Throughout 2022, the focus of this column will be on strengthening your network. Don’t worry, this isn’t about cybersecurity, and you won’t need an information technology degree to make the most of these articles. We are not talking about that kind of system. Instead, we’re going to cover the basic nuts and bolts of building strong networks of people within your company and with outsiders.
Within the American Supply Association, the Emerging Leaders division offers up-and-coming professionals in the industry the ability to network with their peers from around the country as well as educational benefits to help them grow in their careers. Considered the leaders of tomorrow, it is paramount to the success of the industry that this group grow and continue to cultivate the skills learned from participating in Emerging Leaders.
Culture seems to be all the rage in the corporate world today, or maybe that’s just because I read a lot about it, and because we really focus on it being real. At Eastern, we have a healthy desire to have a positive impact on the lives of people we come in contact with. One of the ways we foster this is through our 28 Fundamentals, or as we call it, The Eastern Way.
Nashville, Tennessee — home of country music, hot chicken and Johnny Cash. Along with those prominent illustrations depicting the city at face-value, this year it was also the home of the ASA Emerging Leaders’ annual forum EMERGE.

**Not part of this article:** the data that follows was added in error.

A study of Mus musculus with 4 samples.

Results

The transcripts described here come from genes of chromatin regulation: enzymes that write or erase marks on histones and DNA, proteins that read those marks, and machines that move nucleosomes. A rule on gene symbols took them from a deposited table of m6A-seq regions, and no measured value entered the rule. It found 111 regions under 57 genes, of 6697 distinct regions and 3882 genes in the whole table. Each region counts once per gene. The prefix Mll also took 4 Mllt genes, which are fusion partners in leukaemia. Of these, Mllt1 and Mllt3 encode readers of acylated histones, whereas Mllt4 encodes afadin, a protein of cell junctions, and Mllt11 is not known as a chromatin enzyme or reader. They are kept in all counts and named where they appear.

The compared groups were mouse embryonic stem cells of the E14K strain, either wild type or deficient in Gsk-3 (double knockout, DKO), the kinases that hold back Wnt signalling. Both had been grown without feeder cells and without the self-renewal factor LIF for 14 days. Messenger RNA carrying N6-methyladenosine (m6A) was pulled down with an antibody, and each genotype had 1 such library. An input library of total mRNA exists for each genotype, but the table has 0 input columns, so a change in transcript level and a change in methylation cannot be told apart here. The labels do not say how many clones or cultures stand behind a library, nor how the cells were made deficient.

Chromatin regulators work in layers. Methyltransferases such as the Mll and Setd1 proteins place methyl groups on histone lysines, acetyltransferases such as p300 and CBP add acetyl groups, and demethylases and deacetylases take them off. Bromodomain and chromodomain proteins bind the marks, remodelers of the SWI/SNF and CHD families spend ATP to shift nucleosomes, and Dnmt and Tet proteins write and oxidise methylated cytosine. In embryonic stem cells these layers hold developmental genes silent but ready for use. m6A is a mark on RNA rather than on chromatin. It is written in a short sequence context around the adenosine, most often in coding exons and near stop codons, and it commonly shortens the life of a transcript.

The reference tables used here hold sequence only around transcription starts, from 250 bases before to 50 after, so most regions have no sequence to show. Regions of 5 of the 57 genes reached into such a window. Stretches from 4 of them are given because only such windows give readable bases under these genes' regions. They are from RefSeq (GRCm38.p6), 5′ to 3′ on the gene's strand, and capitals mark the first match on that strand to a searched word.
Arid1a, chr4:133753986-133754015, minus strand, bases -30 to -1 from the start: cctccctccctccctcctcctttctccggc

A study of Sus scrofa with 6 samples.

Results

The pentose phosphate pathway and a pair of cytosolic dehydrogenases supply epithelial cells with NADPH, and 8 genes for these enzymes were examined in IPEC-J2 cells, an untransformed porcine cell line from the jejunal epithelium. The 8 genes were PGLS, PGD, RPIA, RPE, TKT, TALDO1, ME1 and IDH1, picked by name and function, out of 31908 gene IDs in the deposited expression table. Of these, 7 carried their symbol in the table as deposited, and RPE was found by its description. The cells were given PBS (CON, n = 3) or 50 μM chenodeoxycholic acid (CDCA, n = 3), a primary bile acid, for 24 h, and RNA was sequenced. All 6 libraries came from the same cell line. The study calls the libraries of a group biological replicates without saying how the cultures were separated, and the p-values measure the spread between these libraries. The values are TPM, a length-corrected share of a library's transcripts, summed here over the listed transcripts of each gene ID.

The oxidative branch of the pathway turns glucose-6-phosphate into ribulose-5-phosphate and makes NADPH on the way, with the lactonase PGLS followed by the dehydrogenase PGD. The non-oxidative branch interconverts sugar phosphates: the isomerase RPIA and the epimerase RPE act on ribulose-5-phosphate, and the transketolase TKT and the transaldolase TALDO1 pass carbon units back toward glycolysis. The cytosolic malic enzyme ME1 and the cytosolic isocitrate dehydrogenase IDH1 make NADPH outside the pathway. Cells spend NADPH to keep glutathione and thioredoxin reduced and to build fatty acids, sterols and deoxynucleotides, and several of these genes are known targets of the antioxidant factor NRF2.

Think about the most difficult conversations that vendors and wholesalers can have as we work together to drive profitable growth. Don’t you wish you had an antidote to make those difficult conversations easier – and more successful?
According to a recent McKinsey report, more than 90% of B2B companies have shifted to a virtual or hybridized sales model due to COVID-19. Though dramatic, this shift reveals an emerging trend away from face-to-face sales.
As chairman of the American Supply Association’s Emerging Leaders division, I have been honored to have the opportunity to help raise funds for a wonderful program called Operation Rise & Conquer (ORC).
Without the wealth of information gained from visiting with customers and assessing their business on-site, it’s your responsibility to provide salespeople a sufficient alternative that will support growth generation.
Whether you call yourself a territory manager or an outside salesperson, you’re an important link between manufacturers and the contractors that need their products. But how do you go from being good to great? How do you excel?